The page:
Ketel One Vodka: A family affair

Three hundred years, eleven generations and an innovative mix of old and new give birth to a drink that challenges preconceptions

Ketel One Vodka

For the most part, the fiddly, time-consuming and complex processes involved in the modern production of alcoholic drinks can be conveniently separated into two categories. Whether it's a whisky distillery in the Highlands or a vineyard in Bordeaux, the artisan creators of some of the world's greatest drinks generally choose to hitch their wagon firmly to traditional equipment and time-served techniques, trickled down through generations of a single family name, or they eschew sentimentality and opt for the latest cutting-edge technology.

However, the Nolet Distillery, snugly secluded in the shadow of one of the many imposing windmills that remain a trademark of the small Dutch town of Schiedam, has taken a rather different approach. Operating for more than 325 years out of this location, the distillery is a remarkable mix of both approaches and uses them to create a vodka to remember.

The Nolet family first began making jenever, a highly aromatic Dutch gin, in 1691. Generations went by, but the carefully carved niche into which the family brand had snugly fit proved to be too confining for Carolus Nolet Snr, the tenth generation of owner and the distillery's current chief executive.


Drinks experts Difford's Guide detail how the UK and much of Western Europe was "dominated by Smirnoff" and similar imported products until a wave of discerning producers - such as Nolet - burst on to the scene in the mid to late 1980s.

After taking charge of the distillery in 1979, Nolet discovered a book on his family history chronicling his grandfather's attempt to set up a distillery in Baltimore, something cut short by the introduction of Prohibition. It led him to leave Schiedam in 1983 to follow in the footsteps of his grandfather, travelling the length and breadth of the US to gain insight into the latest trends in the bartending scene.

The journey led to the birth of Ketel One Vodka - a drink Nolet says seeks to challenge the commonly held belief in Western Europe that vodka is little more than a neutral spirit begging to be diluted with sugary mixers. Yet Ketel's unusual distillation process - one of only a handful of vodkas made in this way in Europe - ensured the distillery ended up being "pretty much singlehandedly responsible for introducing ultrapremium vodka into the market", Drinkhacker says.

Arriving at the Nolet distillery is a little like stepping into a sci-fi film and well worth your time for an insight into the brand's almost agonising attention to detail.

Gigantic warehouses with 80ft-tall robotic arms shuffling crates to and fro, multi-dimensional conveyor belts transporting supplies in all directions - a fully automated stocking system keeping the factory fully equipped at all times - and a site expansion that involved digging a transport tunnel under a canal are just some of the cutting-edge innovations that keep the flow of Ketel One ticking.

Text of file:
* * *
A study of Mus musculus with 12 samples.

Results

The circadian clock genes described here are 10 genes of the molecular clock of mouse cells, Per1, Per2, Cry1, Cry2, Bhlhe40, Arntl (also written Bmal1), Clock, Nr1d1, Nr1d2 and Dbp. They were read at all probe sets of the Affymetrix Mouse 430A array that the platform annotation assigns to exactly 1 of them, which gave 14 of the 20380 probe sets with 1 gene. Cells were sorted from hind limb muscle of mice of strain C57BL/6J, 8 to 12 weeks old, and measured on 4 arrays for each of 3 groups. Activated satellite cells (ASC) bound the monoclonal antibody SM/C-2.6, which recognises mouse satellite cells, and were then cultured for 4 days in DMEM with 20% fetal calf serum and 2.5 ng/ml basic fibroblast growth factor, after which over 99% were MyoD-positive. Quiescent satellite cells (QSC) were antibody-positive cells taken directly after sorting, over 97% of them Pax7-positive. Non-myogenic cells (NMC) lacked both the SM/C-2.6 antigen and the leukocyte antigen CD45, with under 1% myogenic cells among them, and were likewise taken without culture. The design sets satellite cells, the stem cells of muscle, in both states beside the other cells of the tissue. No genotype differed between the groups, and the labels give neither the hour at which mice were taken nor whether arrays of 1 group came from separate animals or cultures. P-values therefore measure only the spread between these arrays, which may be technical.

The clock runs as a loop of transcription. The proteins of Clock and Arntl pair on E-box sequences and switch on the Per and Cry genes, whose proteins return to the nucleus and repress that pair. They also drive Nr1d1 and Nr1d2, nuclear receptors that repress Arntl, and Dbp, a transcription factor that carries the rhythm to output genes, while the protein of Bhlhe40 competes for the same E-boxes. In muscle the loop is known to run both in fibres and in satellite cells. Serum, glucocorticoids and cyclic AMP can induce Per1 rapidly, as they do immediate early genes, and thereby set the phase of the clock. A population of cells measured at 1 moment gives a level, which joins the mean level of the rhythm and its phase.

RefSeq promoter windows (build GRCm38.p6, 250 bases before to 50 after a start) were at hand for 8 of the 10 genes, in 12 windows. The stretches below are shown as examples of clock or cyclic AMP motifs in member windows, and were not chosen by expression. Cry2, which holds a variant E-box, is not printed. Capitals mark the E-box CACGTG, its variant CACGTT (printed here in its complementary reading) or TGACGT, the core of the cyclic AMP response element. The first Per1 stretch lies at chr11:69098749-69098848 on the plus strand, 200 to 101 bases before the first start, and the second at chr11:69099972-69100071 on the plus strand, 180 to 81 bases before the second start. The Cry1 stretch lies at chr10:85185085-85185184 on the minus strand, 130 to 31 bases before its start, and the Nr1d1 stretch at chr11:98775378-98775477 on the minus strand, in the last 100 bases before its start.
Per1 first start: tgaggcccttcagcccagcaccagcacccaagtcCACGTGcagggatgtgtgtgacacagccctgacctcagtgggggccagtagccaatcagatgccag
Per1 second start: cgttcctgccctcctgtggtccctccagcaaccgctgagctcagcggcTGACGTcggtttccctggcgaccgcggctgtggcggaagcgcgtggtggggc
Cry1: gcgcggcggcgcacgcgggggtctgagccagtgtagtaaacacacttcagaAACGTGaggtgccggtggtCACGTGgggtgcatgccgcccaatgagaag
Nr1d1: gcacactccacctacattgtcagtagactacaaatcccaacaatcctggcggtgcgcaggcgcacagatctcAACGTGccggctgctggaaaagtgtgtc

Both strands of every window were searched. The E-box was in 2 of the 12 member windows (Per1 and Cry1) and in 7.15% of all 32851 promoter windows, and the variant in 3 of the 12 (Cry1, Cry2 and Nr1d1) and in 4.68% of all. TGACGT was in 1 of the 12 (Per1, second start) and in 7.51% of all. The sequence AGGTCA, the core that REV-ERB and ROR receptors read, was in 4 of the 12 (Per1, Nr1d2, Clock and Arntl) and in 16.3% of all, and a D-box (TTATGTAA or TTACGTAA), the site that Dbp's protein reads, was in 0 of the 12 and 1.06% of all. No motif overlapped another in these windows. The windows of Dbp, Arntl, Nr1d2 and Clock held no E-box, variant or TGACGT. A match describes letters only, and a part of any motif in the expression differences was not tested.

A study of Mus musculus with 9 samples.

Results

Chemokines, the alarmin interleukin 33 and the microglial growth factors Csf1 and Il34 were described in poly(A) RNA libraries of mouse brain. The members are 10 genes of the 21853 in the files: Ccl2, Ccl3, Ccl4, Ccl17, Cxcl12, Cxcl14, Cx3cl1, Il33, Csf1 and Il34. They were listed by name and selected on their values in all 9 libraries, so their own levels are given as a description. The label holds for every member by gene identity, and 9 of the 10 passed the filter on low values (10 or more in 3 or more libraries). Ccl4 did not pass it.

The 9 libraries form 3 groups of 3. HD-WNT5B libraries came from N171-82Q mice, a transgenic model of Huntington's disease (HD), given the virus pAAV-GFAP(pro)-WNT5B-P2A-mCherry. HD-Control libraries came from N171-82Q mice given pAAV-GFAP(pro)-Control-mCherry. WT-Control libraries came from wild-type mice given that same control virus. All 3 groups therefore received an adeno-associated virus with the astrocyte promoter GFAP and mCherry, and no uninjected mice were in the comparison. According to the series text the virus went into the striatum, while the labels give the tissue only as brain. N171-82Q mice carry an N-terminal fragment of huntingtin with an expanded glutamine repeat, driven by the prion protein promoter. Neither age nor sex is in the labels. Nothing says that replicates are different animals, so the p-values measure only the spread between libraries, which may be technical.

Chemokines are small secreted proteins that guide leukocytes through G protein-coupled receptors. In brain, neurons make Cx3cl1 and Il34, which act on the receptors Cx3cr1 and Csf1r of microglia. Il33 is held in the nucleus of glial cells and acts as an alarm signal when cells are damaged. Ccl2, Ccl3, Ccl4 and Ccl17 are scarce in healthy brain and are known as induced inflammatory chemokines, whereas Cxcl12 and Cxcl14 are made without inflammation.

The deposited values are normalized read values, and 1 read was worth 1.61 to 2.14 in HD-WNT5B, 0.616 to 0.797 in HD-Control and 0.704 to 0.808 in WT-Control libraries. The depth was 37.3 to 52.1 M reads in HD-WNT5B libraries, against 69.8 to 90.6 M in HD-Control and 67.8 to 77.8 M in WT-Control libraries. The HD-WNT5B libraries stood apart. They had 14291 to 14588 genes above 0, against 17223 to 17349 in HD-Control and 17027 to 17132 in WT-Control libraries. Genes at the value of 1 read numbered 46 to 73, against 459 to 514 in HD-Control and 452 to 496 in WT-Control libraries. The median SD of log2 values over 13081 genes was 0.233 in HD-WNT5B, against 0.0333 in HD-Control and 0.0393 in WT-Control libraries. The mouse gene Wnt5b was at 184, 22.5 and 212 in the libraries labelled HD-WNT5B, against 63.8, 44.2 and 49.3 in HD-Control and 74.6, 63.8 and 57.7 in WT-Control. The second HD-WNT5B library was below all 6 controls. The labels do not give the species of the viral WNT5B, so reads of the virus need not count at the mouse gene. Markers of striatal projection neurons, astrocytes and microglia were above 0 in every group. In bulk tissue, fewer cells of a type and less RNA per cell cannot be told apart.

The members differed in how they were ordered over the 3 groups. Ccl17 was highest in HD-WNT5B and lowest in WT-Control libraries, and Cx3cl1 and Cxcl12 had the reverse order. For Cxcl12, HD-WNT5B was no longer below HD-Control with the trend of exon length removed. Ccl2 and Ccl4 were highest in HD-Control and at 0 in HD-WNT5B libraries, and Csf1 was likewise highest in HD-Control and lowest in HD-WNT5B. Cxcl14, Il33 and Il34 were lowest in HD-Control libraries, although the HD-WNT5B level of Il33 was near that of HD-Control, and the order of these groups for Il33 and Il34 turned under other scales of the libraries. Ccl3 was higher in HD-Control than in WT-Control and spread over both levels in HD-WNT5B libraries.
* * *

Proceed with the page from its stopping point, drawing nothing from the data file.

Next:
However, while their storage, bottling and delivery processes may be ramped up to match their hefty output, their pot still distillation technique is a far cry from other large-scale forces of the scene. A commonly held belief, according to Esquire, is that "for vodka and clear spirits you want a column still", while "for anything rich and funky, you want the pot still". But a small handful of vodka producers, including the Nolets, have championed the creation of vodka using pot stills.

Usually reserved for fine spirits such as single malt whiskey or various brandies, a number of gigantic pot stills are combined with a modern four-column distillation technique to create the Ketel One we know today. So proud are the family of the technique that the name Ketel One actually comes from the original coal-fired pot still: Distilleerketel #1.

Nolet distillery ambassador Dennis Tamse says Ketel One lacks the "Mike Tyson punch" that lesser vodkas often possess - the raw power that is often mistaken for a full flavour. Instead, it is a subtler drink, gently tingling the mouth without ever burning.

Despite its quality neat or over ice, Ketel One is not "above" mixers and has been used to create a range of signature cocktails, the recipes of which are listed on the company's site. Dutch Mule is a particular highlight - a Nolet take on the famed Moscow Mule, but with added Angostura bitters to add a bite to counteract the sweet ginger beer.

So where does 325 years of distilling leave the family? With Nolet's two sons - Carl Jnr and Bob - already hugely instrumental in the company, a smooth transition into the 11th generation and beyond looks likely.

In the family's own words: "Having your great great great great great great great great great great grandfather's distilling knowledge helps you make great great great great great great great great great vodka."